April 22, 2014
By Senator Lena C. Taylor
Though everyone knows that texting while driving is dangerous, very few people understand the extent of the danger. According to a 2009 report released by the Virginia Tech Transportation Institute, on average, texting occupies our eyes for about five seconds. In those five seconds, a car traveling at 55 miles per hour will move approximately the distance of a football field. For those 300 feet, the driver might as well be blindfolded, as his or her eyes are away from the road.
Texting is a textbook example of distracted driving. However, distracted driving is not limited to texting. Whenever an individual shifts their attention away from the road, they are driving while distracted. Distracted driving includes activities such as eating and drinking, putting on makeup, using a map or GPS, watching a video, or changing the radio. All these tasks take your attention off the road – even when just for a brief moment.
According to Distraction.gov, a website dedicated to informing people about the dangers of distracted driving, 3,328 deaths occurred as a result of distracted driving in 2012, while another 421,000 people were injured. You can’t argue with the statistics - they prove that distracted drivers are hazardous to other drivers, pedestrians and themselves.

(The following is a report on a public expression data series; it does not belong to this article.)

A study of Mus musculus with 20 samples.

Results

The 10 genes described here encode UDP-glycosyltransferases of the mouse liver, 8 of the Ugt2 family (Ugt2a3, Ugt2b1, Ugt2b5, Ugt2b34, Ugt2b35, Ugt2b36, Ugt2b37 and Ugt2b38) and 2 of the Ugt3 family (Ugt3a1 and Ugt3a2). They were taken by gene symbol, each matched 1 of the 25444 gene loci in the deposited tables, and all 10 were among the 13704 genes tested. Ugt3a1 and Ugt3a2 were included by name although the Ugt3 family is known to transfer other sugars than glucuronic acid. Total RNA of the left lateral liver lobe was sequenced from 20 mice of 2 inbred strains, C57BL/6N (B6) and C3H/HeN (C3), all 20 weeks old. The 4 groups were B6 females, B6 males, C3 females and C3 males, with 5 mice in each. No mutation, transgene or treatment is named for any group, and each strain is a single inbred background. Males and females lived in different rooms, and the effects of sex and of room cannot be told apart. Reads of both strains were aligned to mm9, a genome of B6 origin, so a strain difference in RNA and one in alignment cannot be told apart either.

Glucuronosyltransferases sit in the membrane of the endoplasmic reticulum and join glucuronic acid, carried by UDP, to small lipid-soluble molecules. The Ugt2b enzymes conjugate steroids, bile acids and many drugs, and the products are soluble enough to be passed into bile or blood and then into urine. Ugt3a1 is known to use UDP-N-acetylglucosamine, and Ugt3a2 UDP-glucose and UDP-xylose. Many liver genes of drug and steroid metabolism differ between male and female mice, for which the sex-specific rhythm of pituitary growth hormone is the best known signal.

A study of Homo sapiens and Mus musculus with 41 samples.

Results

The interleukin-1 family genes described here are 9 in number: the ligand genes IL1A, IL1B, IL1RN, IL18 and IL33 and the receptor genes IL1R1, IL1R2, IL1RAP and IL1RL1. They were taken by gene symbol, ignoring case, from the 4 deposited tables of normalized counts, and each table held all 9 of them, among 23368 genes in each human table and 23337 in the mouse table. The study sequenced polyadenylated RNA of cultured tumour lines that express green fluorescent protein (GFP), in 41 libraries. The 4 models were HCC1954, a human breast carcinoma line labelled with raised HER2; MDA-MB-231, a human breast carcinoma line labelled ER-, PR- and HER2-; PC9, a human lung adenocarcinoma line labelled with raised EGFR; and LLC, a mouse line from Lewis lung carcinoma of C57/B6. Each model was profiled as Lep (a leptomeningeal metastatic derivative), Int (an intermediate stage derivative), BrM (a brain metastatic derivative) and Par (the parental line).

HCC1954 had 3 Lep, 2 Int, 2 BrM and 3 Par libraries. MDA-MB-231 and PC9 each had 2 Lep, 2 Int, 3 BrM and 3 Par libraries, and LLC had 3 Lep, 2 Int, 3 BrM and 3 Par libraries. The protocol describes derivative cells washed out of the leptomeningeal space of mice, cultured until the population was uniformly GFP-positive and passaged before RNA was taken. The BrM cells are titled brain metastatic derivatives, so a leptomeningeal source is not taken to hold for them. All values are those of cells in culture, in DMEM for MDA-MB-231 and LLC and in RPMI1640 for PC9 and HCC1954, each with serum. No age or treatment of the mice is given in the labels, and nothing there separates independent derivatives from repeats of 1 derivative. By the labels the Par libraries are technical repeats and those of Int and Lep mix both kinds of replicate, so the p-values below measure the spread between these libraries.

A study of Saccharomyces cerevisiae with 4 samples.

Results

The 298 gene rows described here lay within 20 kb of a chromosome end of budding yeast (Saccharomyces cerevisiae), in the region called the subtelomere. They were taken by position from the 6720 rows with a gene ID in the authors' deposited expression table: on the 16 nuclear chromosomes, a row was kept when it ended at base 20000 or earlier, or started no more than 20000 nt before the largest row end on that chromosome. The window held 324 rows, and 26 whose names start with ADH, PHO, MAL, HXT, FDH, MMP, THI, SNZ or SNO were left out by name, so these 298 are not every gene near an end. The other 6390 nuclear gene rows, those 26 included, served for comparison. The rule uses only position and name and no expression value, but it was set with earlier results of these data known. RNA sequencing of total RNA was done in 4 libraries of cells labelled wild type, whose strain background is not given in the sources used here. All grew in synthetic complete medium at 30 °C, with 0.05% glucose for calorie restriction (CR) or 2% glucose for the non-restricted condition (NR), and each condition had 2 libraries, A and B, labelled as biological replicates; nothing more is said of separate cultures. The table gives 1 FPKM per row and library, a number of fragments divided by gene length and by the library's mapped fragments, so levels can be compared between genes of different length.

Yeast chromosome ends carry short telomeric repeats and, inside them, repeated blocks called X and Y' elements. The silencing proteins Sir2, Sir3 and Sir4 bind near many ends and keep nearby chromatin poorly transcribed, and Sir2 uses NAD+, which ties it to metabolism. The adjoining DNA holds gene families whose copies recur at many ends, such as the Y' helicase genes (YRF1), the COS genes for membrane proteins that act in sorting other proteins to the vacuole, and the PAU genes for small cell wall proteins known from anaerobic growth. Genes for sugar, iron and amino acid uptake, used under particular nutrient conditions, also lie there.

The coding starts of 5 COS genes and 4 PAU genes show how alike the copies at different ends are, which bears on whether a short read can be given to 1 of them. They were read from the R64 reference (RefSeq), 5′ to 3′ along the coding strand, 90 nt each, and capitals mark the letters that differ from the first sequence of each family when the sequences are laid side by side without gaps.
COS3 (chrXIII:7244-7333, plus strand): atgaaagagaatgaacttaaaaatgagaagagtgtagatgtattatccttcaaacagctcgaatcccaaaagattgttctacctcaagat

In response to the growing risks, the Wisconsin State Senate adopted Senate Resolution 8, establishing Thursday, April 24, 2014, as Distracted Driving Awareness Day. By raising awareness of the dangers of distracted driving, we hope to prevent this behavior and make our roads a safer place. We want to help Wisconsin’s citizens recognize that distracted driving is a selfish behavior that puts our friends, family, colleagues and fellow citizens in unnecessary danger.
The potential for collateral damage is even greater in urban areas, such as Milwaukee, where there are higher numbers of both drivers and pedestrians. More drivers means more distracted driving, posing risks to our neighborhoods and our loved ones. We are doing what we can in the Wisconsin State Legislature, but true change needs to begin on a community level. Together, we can make Milwaukee safer.
Fortunately, we can all work to prevent distracted driving. By raising awareness and promoting Distracted Driving Awareness Day, we can send the message that distractions will not be tolerated. We can also examine our own behavior, recognizing our faults and remaining vigilant so that we are not driving while distracted. I believe that we have a responsibility to our loved ones and our community to bring attention to this issue. Looking at a text or a phone call may not seem inherently dangerous, but let me tell you: it can wait.
Step up and proactively fight against distracted driving by asking your children, your parents, your friends and family members to focus on the road. Take the pledge today and help end distracted driving: http://www.distraction.gov/content/take-action/take-the-pledge.html
Let’s all work towards zero deaths on Wisconsin roads!